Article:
Bolton 1 Gudjohnsen (pen) 59’
Liverpool 2 Sterling 86’, Coutinho 90+1’
A minor thigh strain meant Lucas Leiva was rested with an eye to Everton on the weekend, as was fellow midfielder Jordan Henderson. In their place, Joe Allen and Steven Gerrard—for his 700th Liverpool appearance—came into the lineup in the double-pivot with a place in the fifth round of the FA Cup and Liverpool’s best chance of a trophy this season on the line. Whether it was down to those changes of the pressure of facing a replay against a side Liverpool should have dispatched at the first time of asking, the visitors got off to a sluggish, mistaken-prone start.
It may have taken a few minutes for Liverpool to settle, but when they did, the passing interplay of Sterling, Lallana, and Coutinho began to lead to chances—or at least half-chances. The first fell to Gerrard on the edge of the area, but a tame side-footed effort was handled easily by Andy Lonergan. And as Liverpool struggled to take advantage of their strong buildup play, Bolton began to claw their way back into the match with the help of a handful of threatening dead ball situations. The sum was a match that could easily have seen either side a goal or two up yet managed to remain scoreless heading into the half.
Liverpool were probably the better side on aggregate in the early going, and Raheem Sterling will feel unfortunate to have hit the crossbar mid-way through the first, but as has often been the case in Daniel Sturridge’s absence, the lack of a focal point in attack was clearly an issue. Too often, good moves were undone by the lack of a target making the run that was needed. The midfield, meanwhile, at times struggled to control the centre of the pitch and left space for Bolton’s attacks, but centre half Matt Mills being forced into the striker role for Bolton meant they had as little luck in front of goal as Liverpool.
Both sides started the second unchanged, and both continued to struggle with the same issues they’d had in the first. Liverpool created good breaks, had quality passing movements in the final third, but for all their work never looked especially like scoring, while in midfield they were often bullied by a side that looked even less likely to create a top quality chance. Eventually, though, it was Bolton’s ineffective attack that struck first, as Zach Clough tumbled over in the penalty area. There was little, if any, contact, but referee Roger East pointed to the spot and Gudjohnsen converted to give the hosts the lead.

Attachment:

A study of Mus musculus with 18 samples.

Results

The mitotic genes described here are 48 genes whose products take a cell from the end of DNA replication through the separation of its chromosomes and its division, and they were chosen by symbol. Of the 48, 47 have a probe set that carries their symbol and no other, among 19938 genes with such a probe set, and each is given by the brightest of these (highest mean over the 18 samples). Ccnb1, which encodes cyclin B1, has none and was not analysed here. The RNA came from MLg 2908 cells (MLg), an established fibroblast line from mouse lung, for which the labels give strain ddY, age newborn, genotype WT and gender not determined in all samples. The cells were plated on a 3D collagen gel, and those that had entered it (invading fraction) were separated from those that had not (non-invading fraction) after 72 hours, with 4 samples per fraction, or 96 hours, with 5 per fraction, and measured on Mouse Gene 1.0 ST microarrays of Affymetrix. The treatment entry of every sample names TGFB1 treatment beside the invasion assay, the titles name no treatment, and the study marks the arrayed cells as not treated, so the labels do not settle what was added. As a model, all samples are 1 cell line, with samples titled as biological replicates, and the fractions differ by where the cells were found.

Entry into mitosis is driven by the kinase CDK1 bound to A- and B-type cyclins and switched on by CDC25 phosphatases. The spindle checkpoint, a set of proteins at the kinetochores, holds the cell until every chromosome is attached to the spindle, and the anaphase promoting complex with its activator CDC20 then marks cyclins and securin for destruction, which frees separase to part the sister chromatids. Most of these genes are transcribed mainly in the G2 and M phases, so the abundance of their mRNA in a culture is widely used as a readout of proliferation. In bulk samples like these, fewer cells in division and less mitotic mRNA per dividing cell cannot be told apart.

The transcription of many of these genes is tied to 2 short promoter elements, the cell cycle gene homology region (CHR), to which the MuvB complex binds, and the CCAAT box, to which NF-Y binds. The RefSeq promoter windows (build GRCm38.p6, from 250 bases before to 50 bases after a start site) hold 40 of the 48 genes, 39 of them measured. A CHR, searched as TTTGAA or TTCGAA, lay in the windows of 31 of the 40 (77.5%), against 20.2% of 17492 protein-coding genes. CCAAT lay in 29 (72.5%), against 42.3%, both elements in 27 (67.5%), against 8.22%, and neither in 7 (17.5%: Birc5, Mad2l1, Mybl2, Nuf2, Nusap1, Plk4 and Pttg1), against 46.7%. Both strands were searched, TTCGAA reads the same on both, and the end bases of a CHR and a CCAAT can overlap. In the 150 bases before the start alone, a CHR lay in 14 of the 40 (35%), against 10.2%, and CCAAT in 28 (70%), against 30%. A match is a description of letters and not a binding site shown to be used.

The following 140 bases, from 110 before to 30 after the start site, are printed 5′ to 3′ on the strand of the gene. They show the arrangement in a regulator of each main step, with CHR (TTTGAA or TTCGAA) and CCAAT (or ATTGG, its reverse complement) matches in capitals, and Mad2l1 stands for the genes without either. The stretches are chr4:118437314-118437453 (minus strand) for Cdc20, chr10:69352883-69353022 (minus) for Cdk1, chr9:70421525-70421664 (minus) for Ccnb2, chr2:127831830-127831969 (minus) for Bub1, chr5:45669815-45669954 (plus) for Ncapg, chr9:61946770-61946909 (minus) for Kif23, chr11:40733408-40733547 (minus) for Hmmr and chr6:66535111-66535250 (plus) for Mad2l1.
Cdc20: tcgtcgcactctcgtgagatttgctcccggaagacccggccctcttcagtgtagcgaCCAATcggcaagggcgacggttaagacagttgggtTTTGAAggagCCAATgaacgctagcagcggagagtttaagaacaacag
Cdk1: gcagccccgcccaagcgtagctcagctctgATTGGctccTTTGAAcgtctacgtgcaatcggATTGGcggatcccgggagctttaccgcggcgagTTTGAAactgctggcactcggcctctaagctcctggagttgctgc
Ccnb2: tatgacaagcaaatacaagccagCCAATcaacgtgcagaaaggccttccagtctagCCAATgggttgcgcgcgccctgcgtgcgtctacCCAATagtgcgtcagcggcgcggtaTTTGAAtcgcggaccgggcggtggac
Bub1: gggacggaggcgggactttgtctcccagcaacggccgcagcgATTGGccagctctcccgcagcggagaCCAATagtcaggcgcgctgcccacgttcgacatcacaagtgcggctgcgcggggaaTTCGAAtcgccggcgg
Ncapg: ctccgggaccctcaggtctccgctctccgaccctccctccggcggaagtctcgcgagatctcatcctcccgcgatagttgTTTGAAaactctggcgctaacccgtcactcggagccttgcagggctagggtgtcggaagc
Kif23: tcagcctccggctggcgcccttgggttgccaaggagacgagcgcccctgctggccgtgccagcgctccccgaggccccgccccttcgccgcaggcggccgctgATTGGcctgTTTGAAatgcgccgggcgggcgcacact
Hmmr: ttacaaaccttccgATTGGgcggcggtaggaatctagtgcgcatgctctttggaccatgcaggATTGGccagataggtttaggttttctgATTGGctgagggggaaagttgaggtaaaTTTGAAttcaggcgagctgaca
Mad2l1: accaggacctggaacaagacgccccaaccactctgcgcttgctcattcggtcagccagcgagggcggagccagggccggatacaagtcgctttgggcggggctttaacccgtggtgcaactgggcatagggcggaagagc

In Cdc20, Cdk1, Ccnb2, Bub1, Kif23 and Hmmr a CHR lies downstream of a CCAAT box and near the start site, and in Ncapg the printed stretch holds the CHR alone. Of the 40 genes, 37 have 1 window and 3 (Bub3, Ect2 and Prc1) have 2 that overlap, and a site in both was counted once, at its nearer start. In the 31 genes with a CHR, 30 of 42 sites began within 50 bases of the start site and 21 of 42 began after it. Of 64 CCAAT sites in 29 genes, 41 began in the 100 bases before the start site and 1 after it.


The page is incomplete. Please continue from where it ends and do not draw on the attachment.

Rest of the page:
Regardless of the referring error—and replays made clear it was an error—the entire sequence was an indictment of Liverpool’s midfield, which left the back line exposed all evening and showed no signs of improvement even after Jordan Henderson came on for the injured Adam Lallana and Gerrard was pushed forward. Rodgers soon tried making another change, bringing on Fabio Borini and moving Gerrard deep again, but it was the referee who made the biggest change to Liverpool’s chances with his second big call of the night, handing Neil Danns a second yellow for a wildly out of control, studs-up tackle.
Unlike his first big decision, it was the right call. It was followed up by Sturridge’s introduction as the visitors pushed for the equaliser. That equaliser was a long time coming, but in the 86th minute Emre Can—pushed into midfield late on as Liverpool switched to two at the back—lofted a brilliantly weighted pass over the Bolton defence to Sterling, who hammered the shot through Lonergan with five to play. Then, in the first minute of stoppage time, Coutinho curled a perfect effort from the edge of the area that crept in off the underside of the crossbar to give Liverpool the result that, on the whole, the probably deserved.
It took them a long time to get there, and they made it far harder for themselves than it had to be—and the officiating certainly didn’t help—but in the end it’s Liverpool through to the fifth round of the FA Cup, with a trip to Crystal Palace now on the cards and the dream of silverware still alive.